Feline Adenocarcinoma

Feline adenocarcinoma is an aggressive form of cancer that can appear in a variety of locations within your cat's body. Adenocarcinomas are abnormal growths that affect glandular tissue in your pet. Some of the most common sites of adenocarcinoma in cats are the gastrointestinal tract, the pancreas, the lungs and the mouth. The symptoms, diagnosis and treatment procedures for each of these forms of adenocarcinoma are very different.

Symptoms of Adenocarcinoma in Cats

While adenocarcinoma typically strikes in older cats, it can appear at any age.  The exact cause of this form of cancer is unknown, but certain breeds of cats seem to be predisposed to this condition. Siamese and tri-color cats tend to have a somewhat higher rate of adenocarcinoma than other varieties.

Generally, the symptoms of adenocarcinoma typically range within the following list:

  • Lethargy
  • Unusual discharge from any orifice
  • Infections or wounds that do not heal
  • Vomiting and diarrhea
  • Blood or mucous in the stool
  • Difficulty breathing or wheezing
  • Difficulty moving around
  • Palpable growths anywhere in the body
  • Pain or discomfort upon palpation

In some cases, such as pancreatic adenocarcinoma, symptoms may not manifest themselves until the cancer has spread significantly. For this reason, certain forms of the disease are much more lethal than others. It is important to be aware of your cat's healthy body and behavior so that you are able to recognize any changes to his normal functioning as soon as possible. If you do detect any of the symptoms listed above, take your pet to a veterinarian immediately, along with a list of the warning signs and their starting dates.

Diagnosing Feline Adenocarcinoma

The diagnosis procedure for feline adenocarcinoma typically begins with a general physical examination. Your vet will use the symptoms that you have provided to formulate a hypothesis for his diagnosis. Following the initial exam, your vet will likely take a blood sample for analysis in the laboratory. By looking for unusual hormone and blood cell levels, the veterinarian will be better able to identify the source of your pet's symptoms.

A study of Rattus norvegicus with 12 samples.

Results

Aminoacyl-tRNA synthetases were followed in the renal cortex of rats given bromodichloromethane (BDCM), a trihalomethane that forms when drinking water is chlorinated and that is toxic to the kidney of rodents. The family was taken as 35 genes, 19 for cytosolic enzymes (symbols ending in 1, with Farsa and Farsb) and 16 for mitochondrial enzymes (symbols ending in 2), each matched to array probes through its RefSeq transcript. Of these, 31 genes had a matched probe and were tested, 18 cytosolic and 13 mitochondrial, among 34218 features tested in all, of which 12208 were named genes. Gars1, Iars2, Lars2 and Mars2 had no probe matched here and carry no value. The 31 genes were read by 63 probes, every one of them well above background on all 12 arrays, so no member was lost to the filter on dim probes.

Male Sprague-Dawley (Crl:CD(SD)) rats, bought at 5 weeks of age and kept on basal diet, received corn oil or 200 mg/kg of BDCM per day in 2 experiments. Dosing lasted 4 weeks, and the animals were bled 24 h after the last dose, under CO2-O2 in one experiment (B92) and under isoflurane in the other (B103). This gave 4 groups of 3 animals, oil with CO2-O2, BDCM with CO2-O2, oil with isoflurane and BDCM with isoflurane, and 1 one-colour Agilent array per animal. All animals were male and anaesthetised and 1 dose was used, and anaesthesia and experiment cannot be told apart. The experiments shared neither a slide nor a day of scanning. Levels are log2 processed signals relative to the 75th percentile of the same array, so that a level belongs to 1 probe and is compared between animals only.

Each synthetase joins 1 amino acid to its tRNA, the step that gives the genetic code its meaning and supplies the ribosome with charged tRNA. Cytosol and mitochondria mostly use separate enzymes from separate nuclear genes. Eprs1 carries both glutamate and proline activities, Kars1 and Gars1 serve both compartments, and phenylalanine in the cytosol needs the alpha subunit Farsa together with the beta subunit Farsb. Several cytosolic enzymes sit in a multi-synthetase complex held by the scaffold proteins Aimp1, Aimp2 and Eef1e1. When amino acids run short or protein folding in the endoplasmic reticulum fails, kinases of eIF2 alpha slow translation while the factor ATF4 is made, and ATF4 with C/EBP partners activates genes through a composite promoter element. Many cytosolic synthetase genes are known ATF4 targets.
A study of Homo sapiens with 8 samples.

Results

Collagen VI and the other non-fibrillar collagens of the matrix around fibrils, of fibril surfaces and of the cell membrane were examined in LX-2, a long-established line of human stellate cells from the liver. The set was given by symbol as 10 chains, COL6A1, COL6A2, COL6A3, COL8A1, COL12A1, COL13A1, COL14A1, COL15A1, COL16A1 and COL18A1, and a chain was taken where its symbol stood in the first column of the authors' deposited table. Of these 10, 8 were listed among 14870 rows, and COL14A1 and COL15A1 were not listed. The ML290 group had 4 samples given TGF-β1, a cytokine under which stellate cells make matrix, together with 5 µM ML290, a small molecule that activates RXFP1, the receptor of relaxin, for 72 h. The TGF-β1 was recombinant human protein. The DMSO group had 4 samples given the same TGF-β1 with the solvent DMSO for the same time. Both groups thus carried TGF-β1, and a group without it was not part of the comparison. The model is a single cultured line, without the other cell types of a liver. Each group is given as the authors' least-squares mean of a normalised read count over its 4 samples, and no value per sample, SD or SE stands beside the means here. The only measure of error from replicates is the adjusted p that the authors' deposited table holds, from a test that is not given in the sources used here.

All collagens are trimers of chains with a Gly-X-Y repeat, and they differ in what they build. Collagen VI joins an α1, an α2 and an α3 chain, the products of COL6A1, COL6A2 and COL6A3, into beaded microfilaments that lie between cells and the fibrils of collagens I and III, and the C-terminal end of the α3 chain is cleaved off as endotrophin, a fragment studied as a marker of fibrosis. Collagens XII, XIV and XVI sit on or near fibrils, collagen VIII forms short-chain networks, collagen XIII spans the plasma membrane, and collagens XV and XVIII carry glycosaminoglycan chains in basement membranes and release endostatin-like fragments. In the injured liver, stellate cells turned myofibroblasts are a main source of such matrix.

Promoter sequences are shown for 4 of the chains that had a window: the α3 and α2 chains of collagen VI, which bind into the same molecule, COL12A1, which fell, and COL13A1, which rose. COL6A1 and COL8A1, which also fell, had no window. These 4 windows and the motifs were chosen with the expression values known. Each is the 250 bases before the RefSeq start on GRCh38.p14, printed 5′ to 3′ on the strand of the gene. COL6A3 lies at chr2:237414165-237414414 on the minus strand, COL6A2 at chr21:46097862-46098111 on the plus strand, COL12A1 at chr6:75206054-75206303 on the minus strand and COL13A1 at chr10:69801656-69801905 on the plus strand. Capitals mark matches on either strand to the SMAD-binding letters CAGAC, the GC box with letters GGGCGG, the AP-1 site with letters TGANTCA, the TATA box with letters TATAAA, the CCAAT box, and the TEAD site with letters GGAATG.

In some cases, a number of other techniques can be helpful in diagnosing adenocarcinoma. Urinalysis exams, stool samples, biopsies, skin scrapings and radiographs or x-rays can all be useful. It is unlikely that your veterinarian will need to conduct all of these tests on your pet, as different types of cancer require unique tests.

Treating Feline Adenocarcinoma

The treatment procedure for feline adenocarcinoma depends upon a number of factors. Perhaps the most important of these factors is your pet's age and overall health. Treatment for feline cancer can be a grueling and dangerous process, particularly for older cats that may already have weakened systems. The treatment also depends heavily upon the location of the adenocarcinoma and its progression. Cancers that have metastasized to other parts of the body are much more difficult to eradicate.

When surgical excision of the growth is possible, this is the preferred method of treatment. Your veterinarian may also recommend medications, chemotherapy and radiation treatment as potential methods of addressing your pet's cancer.

Feline adenocarcinoma is a serious and often-fatal disease. Do your best to recognize the symptoms of this disease as early as possible, and work closely with your veterinarian in order to monitor your pet's health and ensure his overall quality of life remains as high as possible.